Many backpackers think that the key to cutting weight and increasing comfort is buying more expensive, lighter variants of items that serve a specific purpose. Fewer backpackers try and replace items with different objects that can perform multiple tasks in the backcountry. By taking advantage of these multi-use pieces of gear, one can easily lighten one’s load, spend less money, and simplify one’s backcountry experience.
My first and probably most versatile choice for a multi-functional piece of gear is the neck gaiter. Commonly referred to as a “Buff,” these tubular pieces of fabric can come in many designs and fabrics. They are designed to be worn around the neck as a kind of scarf, protecting the user from UV and cold. In addition to this task, however, the neck gaiter fills several other roles around the campsite. One task that the neck gaiter easily completes is that of a dishtowel. Most people enjoy cooking in the backcountry, and I’m no exception. After I cook, though, I’m left with a wet pot with Esbit residue on it. Instead of carrying a separate camp towel, though, I can put a little water on my neck gaiter and easily remove the fuel residue and wipe down the rest of the pot. They are designed to dry quickly, so I have no qualms with using it for my second task- as a pillowcase. Most UL pillows are designed with weight as the first priority. This means that they often skimp in terms of soft materials and can be tacky or otherwise uncomfortable against skin. By wrapping a neck gaiter around a pillow, the surface becomes much more comfortable against one’s face, assisting in a good night’s sleep. The final task I use my Buff for is an emergency balaclava, especially at night. If temperatures dip below freezing, I find that the hood of my puffy jacket doesn’t offer sufficient coverage for my nose and cheeks. By putting my neck gaiter over my face, I can trap a bit of warmth and stay much more comfortable through the night. Every trip I go on, I find yet another use for my Buff, and it is one of the most useful pieces in my kit.
My neck gaiter. The picture on this one is a map of Philmont,but they’re made in all colors and patterns!
My neck gaiter being used as a pillowcase.
Me wearing my neck gaiter as a sort of balaclava.
The second piece of gear that I think should be an integral part of everyone’s backpacking setup is a pack liner bag. Made of plastic, these bags can be used not only to keep your sleeping bag dry in a downpour but to save a life if necessary. A pack liner bag is fully sealed, whether it is a trash compactor bag, a nylofume bag, or a different type of bag. This means that water cannot get into or out of the bag. By stuffing your sleeping bag directly into the bag, followed by clothes and other items that must stay dry, you can cut down on the weight of stuff sacks, and you can adjust the volume taken up depending on consumables. A pack liner, however, can also be used as a way to keep hypothermia at bay if a night becomes colder than expected. Since a pack liner should be fully waterproof, it can be used as an emergency vapor barrier liner (VBL). By trapping warm moisture given off by one’s body, it’s been shown that a VBL can increase a sleep system’s warmth by up to fifteen degrees, enough to ward off unexpected cold. Finally, a pack liner with no modifications can be used as a pump sack for an inflatable sleeping pad. By filling it with ambient air, pinching it around the valve of the pad, and squeezing the air out into the pad, several things are accomplished. First, the pad is inflated without the user becoming light-headed. Secondly, the ambient air will be the same temperature as the air inside the sleeping pad, meaning the air inside the pad won’t contract, leaving the user with an uninflated pad when it’s time to sleep. Finally, the ambient air is not as moist as air blown by a person, meaning mold and mildew are less likely to grow inside the pad.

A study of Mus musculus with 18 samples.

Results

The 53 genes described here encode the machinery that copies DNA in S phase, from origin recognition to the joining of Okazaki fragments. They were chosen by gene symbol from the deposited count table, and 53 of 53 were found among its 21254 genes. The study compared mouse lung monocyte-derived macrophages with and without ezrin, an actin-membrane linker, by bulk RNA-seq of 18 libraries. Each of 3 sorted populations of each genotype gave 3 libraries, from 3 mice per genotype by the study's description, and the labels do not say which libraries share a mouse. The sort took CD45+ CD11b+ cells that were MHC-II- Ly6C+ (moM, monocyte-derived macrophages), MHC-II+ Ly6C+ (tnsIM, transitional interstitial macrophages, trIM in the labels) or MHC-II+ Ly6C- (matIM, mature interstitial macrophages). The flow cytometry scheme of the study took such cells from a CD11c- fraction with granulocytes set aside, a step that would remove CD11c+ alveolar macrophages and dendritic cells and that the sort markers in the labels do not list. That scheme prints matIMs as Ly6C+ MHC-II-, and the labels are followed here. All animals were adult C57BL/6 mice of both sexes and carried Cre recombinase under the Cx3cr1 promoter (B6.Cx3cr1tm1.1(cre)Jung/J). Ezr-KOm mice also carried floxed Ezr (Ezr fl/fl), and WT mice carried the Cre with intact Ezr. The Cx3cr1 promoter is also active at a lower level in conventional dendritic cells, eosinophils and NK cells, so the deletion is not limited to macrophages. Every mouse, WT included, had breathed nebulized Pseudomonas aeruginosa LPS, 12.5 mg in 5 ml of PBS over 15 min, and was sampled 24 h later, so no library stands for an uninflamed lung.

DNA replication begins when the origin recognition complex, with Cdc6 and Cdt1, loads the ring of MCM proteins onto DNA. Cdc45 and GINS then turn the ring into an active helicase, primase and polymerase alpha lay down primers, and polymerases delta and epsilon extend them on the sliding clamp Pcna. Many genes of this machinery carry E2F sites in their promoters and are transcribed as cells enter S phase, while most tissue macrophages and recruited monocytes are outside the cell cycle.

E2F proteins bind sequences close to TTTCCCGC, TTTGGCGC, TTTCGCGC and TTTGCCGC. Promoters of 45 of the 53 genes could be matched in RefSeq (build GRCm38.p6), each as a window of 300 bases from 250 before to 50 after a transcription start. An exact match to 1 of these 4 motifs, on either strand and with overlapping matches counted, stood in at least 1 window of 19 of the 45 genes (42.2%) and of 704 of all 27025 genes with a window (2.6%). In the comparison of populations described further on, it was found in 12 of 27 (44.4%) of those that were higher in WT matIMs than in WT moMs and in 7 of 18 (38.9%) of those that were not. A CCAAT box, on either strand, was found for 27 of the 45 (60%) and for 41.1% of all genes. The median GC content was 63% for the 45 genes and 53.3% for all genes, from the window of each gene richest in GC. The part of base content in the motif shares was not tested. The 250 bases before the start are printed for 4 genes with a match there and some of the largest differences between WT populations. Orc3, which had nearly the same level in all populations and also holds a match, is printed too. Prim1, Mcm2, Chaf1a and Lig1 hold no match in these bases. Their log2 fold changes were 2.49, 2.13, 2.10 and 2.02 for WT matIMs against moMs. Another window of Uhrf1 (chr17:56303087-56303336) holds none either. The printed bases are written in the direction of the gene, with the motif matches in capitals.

My pack liner, a nylofume bag, containing everything I would normally pack inside it for a trip.
The final piece of gear that I think stands out for versatility is a space blanket. Thin Mylar sheets can help with radiative heat transfer, which can be a godsend in an emergency situation. However, I also use mine as my groundsheet, which allows me to carry a lifesaving device in the off chance I need it, but avoiding carrying dead weight. Though it is slightly less durable than other groundsheets, such as polycro or Tyvek, good site selection and careful treatment will allow a space blanket to last just as long as others, while still adding slightly more warmth to one’s sleep system. Additionally, since the plastic used in these blankets is impermeable, they can be used as an emergency VBL in a cold snap.
The piece of space blanket I use for my groundsheet has been cut down to roughly 75” by 20”, about the size of a regular/regular inflatable sleeping pad.
My groundsheet packs down to roughly the size of my hand. It contains a lot of usefulness for something so small!
These three pieces of gear, though very inexpensive, can serve several purposes in a backpacking kit, making them invaluable. I believe that the key to improving comfort and efficiency in the backcountry is to carry fewer items, and finding pieces of gear like these is a great way to do so.
Words and photos by Harrison Deford.